Put Down the Phone, and Slowly Back Away

turn off phones

We’ve reached a tipping point, I believe, in the use of mobile devices. These tools have had a wildly successful positive impact on our efficiency and ability to communicate. But too much of any good thing can eventually become a bad thing, and that is where we are with mobile devices. And we’re hearing it from every single organization we partner with. People are sitting in meetings, reading their emails, only half listening to their colleagues, and stepping out of the room frequently to take calls. What was once a significant efficiency, has now become a significant inefficiency.

In our effort to be more available to people far away, we are becoming completely unavailable to the people standing right in front of us. And our dedication to being available has generated a culture of deep disrespect to the people around us.

I’ll be blunt… it is rude and disrespectful to sit in a meeting, and openly read and answer your email while your colleagues are speaking. The message being communicated is “you don’t matter, this topic doesn’t matter, I don’t want to be here.” And if you communicate that message to others, you are contributing to an organizational narrative where that behavior is OK and acceptable. Others will then mimic the behavior, and the downward spiral of organizational disrespect begins.

We are hearing conflicting feedback on this topic… everyone hates it, and yet everyone does it. We are addicted and we don’t know how to get clean.

Don’t wait for new organizational behaviors to be sent down from on high. Don’t wait for the edict from leadership. New behaviors can be created in little pods from anywhere on the organizational chart. Start being present in your meetings. Start being mindful (as opposed to Mind FULL). Start respecting others by simply giving your attention. If you show that respect to others, they will be more likely to show that respect to you. And within your little team, have a conversation around new behaviors. Make a commitment to each other to turn the phones off.

You know what might happen? If you are all present, and all listening, your meetings may be more efficient, may end on time once in a while, and you may create new time on your calendar to answer all those texts and emails that seem so important. And most importantly you will be demonstrating respect to your colleagues, which has far reaching, though perhaps unquantifiable, benefits to your brand and the bottom line.

Do yourself and everyone else a favor. Turn the phones off.



4 responses to “Put Down the Phone, and Slowly Back Away”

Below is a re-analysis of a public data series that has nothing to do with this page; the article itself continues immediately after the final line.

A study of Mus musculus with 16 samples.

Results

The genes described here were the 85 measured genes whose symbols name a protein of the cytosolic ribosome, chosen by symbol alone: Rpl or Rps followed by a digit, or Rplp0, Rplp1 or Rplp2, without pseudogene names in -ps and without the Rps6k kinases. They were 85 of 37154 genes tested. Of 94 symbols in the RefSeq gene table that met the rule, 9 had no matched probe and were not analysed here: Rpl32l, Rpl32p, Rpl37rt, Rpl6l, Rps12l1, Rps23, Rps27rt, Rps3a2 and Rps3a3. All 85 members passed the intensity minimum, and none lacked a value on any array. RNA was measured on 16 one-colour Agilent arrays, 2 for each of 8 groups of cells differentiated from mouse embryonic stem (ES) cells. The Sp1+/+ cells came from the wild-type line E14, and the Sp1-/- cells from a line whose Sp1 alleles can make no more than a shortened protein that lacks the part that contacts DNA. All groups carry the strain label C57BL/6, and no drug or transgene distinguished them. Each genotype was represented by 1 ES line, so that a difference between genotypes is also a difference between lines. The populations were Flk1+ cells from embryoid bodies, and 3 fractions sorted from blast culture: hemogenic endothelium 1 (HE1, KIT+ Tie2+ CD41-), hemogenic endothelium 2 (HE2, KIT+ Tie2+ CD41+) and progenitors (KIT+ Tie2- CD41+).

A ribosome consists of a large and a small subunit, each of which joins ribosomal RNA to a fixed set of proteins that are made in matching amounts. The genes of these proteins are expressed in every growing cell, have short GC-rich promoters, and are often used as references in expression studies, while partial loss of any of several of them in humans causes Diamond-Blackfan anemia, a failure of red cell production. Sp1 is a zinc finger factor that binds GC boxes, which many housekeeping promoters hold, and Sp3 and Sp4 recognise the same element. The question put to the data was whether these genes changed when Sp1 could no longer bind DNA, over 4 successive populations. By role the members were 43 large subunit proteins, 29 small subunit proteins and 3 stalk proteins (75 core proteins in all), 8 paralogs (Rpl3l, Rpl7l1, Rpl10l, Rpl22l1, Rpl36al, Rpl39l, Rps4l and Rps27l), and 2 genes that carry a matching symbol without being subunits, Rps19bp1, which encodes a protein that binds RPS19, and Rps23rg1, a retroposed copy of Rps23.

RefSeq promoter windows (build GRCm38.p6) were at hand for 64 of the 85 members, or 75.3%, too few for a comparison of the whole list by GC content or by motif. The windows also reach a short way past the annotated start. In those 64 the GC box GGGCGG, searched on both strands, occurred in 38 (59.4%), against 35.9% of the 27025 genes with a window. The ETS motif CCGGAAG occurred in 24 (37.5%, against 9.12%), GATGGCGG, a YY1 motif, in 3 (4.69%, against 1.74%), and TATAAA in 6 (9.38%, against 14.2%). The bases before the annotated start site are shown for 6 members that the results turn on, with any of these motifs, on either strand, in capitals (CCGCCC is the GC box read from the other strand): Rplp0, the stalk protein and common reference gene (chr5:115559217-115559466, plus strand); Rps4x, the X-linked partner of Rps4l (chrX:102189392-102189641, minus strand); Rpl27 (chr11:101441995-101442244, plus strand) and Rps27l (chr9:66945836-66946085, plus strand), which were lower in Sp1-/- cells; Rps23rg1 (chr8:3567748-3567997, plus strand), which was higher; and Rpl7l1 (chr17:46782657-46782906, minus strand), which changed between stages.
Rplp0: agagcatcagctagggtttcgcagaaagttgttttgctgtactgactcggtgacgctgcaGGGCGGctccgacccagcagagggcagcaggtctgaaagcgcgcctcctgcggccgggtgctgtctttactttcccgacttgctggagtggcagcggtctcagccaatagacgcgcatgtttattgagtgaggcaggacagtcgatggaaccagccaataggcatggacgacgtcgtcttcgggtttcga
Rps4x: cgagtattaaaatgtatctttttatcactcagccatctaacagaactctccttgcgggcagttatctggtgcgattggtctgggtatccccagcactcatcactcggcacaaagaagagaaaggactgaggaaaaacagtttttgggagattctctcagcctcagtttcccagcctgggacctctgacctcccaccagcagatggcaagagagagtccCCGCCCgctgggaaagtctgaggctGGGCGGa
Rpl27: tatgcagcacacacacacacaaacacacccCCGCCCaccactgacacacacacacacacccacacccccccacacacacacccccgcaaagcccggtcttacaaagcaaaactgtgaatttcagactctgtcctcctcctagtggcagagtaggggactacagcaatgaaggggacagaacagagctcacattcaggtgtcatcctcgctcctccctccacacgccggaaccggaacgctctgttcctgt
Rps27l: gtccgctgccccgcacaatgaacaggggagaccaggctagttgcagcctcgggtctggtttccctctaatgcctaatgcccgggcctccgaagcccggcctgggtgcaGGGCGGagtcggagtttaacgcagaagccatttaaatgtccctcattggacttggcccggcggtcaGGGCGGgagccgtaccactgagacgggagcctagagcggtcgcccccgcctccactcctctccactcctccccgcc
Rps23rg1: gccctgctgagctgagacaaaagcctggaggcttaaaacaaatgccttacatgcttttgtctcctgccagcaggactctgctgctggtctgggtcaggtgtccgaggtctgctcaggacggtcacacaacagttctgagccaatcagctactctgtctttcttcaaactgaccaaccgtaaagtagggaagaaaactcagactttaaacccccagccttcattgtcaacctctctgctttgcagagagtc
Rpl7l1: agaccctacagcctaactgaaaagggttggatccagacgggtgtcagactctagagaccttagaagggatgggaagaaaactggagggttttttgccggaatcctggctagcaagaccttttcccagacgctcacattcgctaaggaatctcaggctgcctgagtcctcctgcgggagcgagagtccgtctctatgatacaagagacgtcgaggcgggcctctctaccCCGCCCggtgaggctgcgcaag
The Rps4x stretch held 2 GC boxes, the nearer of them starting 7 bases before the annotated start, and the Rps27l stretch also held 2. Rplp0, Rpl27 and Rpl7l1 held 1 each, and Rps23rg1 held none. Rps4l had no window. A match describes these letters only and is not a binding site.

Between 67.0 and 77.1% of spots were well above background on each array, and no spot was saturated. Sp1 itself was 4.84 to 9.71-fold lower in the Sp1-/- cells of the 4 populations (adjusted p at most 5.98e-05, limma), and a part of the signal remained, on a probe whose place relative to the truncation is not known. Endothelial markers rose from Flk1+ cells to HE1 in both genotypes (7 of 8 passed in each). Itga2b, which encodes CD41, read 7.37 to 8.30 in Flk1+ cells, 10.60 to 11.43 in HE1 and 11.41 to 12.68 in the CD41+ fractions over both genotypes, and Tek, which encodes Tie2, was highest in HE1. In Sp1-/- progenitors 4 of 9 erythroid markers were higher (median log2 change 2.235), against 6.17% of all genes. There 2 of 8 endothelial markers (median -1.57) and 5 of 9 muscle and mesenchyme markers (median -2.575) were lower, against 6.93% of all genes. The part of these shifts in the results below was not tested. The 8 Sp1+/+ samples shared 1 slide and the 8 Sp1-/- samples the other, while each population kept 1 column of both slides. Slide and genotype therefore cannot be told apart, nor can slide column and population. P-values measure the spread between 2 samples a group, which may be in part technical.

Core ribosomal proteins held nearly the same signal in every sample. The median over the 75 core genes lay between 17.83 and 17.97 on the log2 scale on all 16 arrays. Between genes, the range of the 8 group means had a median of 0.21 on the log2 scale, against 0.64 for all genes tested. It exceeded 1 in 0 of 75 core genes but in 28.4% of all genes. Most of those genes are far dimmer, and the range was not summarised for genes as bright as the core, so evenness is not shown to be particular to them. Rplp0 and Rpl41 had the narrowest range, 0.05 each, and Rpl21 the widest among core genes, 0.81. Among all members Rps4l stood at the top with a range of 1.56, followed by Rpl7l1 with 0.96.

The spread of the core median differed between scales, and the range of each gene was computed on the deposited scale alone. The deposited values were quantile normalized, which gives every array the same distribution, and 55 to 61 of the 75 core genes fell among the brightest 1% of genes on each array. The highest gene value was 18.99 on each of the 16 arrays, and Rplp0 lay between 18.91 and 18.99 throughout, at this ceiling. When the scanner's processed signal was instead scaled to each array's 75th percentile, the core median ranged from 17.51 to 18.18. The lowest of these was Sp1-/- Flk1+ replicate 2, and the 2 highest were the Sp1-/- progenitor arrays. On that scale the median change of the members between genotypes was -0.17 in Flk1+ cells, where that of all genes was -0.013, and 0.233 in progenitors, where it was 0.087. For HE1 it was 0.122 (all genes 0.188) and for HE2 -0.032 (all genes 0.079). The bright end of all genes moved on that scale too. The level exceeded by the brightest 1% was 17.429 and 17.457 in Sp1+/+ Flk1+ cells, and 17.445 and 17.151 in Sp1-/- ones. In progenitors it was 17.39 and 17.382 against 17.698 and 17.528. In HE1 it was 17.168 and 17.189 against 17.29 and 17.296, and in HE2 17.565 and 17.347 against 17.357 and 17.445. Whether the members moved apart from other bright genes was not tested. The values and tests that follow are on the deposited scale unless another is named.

1. jane says:

    You’ve nailed it! I’m guilty of this myself and because I admit it, I am conscious of my disrespectful behavior and able to do something about it. It’s tough to break a habit that has become insidiously ingrained. Since it started out as such a good thing, separating what is still good from what is so bad is like separating the diamond from the coal. A few years ago I noticed the detachment of attention in meetings when the upper leadership started attending meetings with their laptop and pile of papers so they could take care of email while in a meeting where their decisions would direct the company. Over the next months I noticed more an more individuals making full use of the BYOD opportunities.

    I’m not perfect, but am trying very hard to be present in the moment and detach from what’s going on ‘out there’ while I’m ‘in here’.

  2. Pat Byrnes says:

    Could, in maybe some cases, people be acting out their feeling that a meeting or their presence at it may be unnecessary? Particularly if the communication is very one way and many attendees are compelled to attend but not necessarily encouraged to participate meaningfully. (Rah Rah!, “Let’s fire up the troops and remind them how great their management is so they’ll ignore the rumors about….” Of course, this shouldn’t happen in a fully healthy organization.)


A book about change

The Latimer Group’s CEO Dean Brenner is a noted keynote speaker and author on the subject of persuasive communication. He has written three books, including Persuaded, in which he details how communication can transform organizations into highly effective, creative, transparent environments that succeed at every level.